The fundamental platform for the current rapid transformation to digitisation and convergence is the data centre.
The data centre therefore has an increasingly important role to play in today’s engineering and construction industries, particularly with regard to ICT solutions.
This is according to Jaco Cronje of EES Africa, who discusses the latest trends which make the construction of a data centre so crucial, and examines the key issues to be considered.
EES Africa is an ISO 9001:2008 certified company providing management, engineering and auditing services to a range of industries throughout Africa. It specialises in the integration of multiple system infrastructure including ICT, data centres, audio visual, life safety, security and building automation systems.
“Digitalisation involves aligning business objectives with information and communication technology (ICT) solutions, and is the next step in convergence for businesses,” Cronje explains. “Digitalisation is part of the Internet of Things (IoT), integral to which is what Gartner refers to as the ‘Nexus of Forces’. This is the convergence of cloud, information, social collaboration and mobility.”
He emphasises that businesses which implement digitalisation will achieve operational, cost and organisational benefits.
Cronje states that a data centre can be defined as a space or facility used to house ICT systems and associated components in a controlled environment. “When considering the implementation of a data centre it is essential to start at the heart of the IT network and explore the IT services and requirements clients have.”
All businesses rely on internet connectivity, telephone systems, printers and data storage. The level of reliability of these spaces changes. As the resilience of the space is increased, it moves from being a patch room, to a server room and then a data centre.
The data centre comprises different areas, the most notable being the white space, the area where the IT equipment is housed. “The support infrastructure is as large as the white space and can cost as much as three times that of the white space. The plant equipment ranges from generators to chillers, to distribution boards and water tanks.”
Standards pertaining to data centres
Due to the growing international demand for data centres and the sensitivity around their operations, data centres were constructed in the early days at rapid rates and without fully comprehending the business factors at play. Out of this scenario, various international standards were born, the major driver for which is to avoid data centre downtime.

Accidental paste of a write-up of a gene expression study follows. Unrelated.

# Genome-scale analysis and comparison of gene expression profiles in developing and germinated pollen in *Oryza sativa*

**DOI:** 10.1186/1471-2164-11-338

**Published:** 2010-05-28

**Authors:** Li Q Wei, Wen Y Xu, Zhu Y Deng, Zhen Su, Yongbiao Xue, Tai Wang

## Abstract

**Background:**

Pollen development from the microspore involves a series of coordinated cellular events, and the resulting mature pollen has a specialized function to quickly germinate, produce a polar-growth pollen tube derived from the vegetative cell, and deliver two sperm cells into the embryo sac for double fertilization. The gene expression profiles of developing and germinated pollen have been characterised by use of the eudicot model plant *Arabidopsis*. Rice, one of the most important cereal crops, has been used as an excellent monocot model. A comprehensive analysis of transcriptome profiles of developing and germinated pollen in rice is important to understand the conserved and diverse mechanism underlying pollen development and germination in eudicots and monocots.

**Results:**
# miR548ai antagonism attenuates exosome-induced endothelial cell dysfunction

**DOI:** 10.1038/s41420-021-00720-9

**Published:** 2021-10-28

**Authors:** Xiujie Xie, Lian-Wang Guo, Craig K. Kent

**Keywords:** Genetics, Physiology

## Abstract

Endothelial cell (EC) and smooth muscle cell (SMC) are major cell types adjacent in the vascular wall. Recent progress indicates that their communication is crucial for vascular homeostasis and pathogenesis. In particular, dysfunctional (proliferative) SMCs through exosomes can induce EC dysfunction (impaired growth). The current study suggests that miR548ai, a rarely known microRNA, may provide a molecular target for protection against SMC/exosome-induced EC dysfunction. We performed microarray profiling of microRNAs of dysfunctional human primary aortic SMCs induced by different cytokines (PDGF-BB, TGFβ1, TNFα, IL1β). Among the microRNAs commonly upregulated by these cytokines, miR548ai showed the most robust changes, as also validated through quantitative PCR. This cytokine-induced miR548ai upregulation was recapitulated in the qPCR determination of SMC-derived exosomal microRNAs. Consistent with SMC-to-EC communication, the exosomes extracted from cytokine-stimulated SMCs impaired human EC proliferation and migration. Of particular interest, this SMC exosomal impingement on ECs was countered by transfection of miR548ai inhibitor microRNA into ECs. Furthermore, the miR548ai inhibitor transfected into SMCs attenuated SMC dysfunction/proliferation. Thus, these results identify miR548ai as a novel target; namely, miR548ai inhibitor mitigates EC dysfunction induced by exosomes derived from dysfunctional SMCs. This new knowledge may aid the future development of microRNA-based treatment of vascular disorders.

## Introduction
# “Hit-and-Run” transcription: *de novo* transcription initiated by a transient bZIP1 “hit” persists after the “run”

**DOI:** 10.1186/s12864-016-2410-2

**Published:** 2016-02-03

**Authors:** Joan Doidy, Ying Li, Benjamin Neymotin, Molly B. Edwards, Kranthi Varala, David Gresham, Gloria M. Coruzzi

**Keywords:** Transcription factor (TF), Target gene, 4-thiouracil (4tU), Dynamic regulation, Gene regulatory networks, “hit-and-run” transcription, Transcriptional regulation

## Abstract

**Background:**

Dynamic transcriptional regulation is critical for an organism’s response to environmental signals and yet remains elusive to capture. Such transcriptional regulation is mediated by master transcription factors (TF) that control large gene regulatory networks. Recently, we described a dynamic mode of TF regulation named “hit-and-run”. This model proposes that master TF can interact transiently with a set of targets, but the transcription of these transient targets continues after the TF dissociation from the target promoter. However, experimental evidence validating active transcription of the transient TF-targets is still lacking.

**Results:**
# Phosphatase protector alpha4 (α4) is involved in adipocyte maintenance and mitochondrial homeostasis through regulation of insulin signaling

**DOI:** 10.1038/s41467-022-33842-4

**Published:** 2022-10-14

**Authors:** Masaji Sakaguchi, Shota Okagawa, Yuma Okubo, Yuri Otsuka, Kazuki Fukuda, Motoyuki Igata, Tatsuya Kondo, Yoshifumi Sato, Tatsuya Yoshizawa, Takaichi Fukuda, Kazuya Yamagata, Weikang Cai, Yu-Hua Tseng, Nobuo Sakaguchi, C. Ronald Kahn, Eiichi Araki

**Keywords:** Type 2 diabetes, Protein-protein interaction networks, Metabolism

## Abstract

A key set of standards or ratings relevant to data centres are those created and administered by the Uptime Institute, an advisory organisation based in California. It is recognised globally for its “Tier Standards & Certifications for Data Centre Design, Construction, and Operational Sustainability” along with its “Management & Operations” reviews. Bradley Hemphill, MD of EES Africa, holds an Accredited Tier Designer (ATD) qualification from the Uptime Institute. The Uptime rating is based on four levels and demands different requirements per rating.
Advantages of colocation
While an organisation may choose to construct its own data centre according to its requirements, a fundamental issue which should also be considered is that of colocation. The concept of colocation or sharing of a data centre arose due to the fact that data centres demand tremendous expertise in construction, engineering and maintenance procedures, as well as a large capital outlay. A colocation centre is defined as a type of data centre where space, equipment and bandwidth are available for rental to any customer.
“Colocation facilities provide metered space, power, cooling, physical security for the server, storage and clients’ networking equipment, and connect them to a variety of telecommunications and network service providers,” says Cronje. “It makes business sense to share the facilities in order to warrant the capital investment, and actually turn what some consider a grudge payment, into a revenue stream.”
Open access networks
Central to colocation is the ability to support any telecommunication provider, software service, or hardware vendor. An open access network (OAN) refers to network architecture in telecommunications, and is the business model that separates the physical access to the network from the delivery of services. In an OAN the owner or manager of the network does not supply services for the network. These services must be supplied by separate service providers.
“Open Access provides effective, wholesale access to network infrastructure or services. Connecting new businesses to existing communications networks is more affordable and less risky than building networks from scratch.”
Co-lo data centres are often referred to as Carrier Hotels if they follow the Open Access Network model.
It has been proven in many international cities that the data centre closest to the financial hub has over time become the most sought after data centre from an accessibility, support and security point of view. Examples of these centres are found in Chicago, London, Amsterdam, New York and Toronto.
The business case
The data centre is a specialist space and an essential requirement in today’s ICT domain, particularly regarding the trends towards transformation to digitalisation.
Cronje concludes: “With a typical lifespan of 20 years, the data centre is a long-term investment. The decision is not whether there is a need for a data centre, but rather whether an organisation should construct its own data centre sized to its requirements or utilise a colocation data centre in an outsourced facility model.”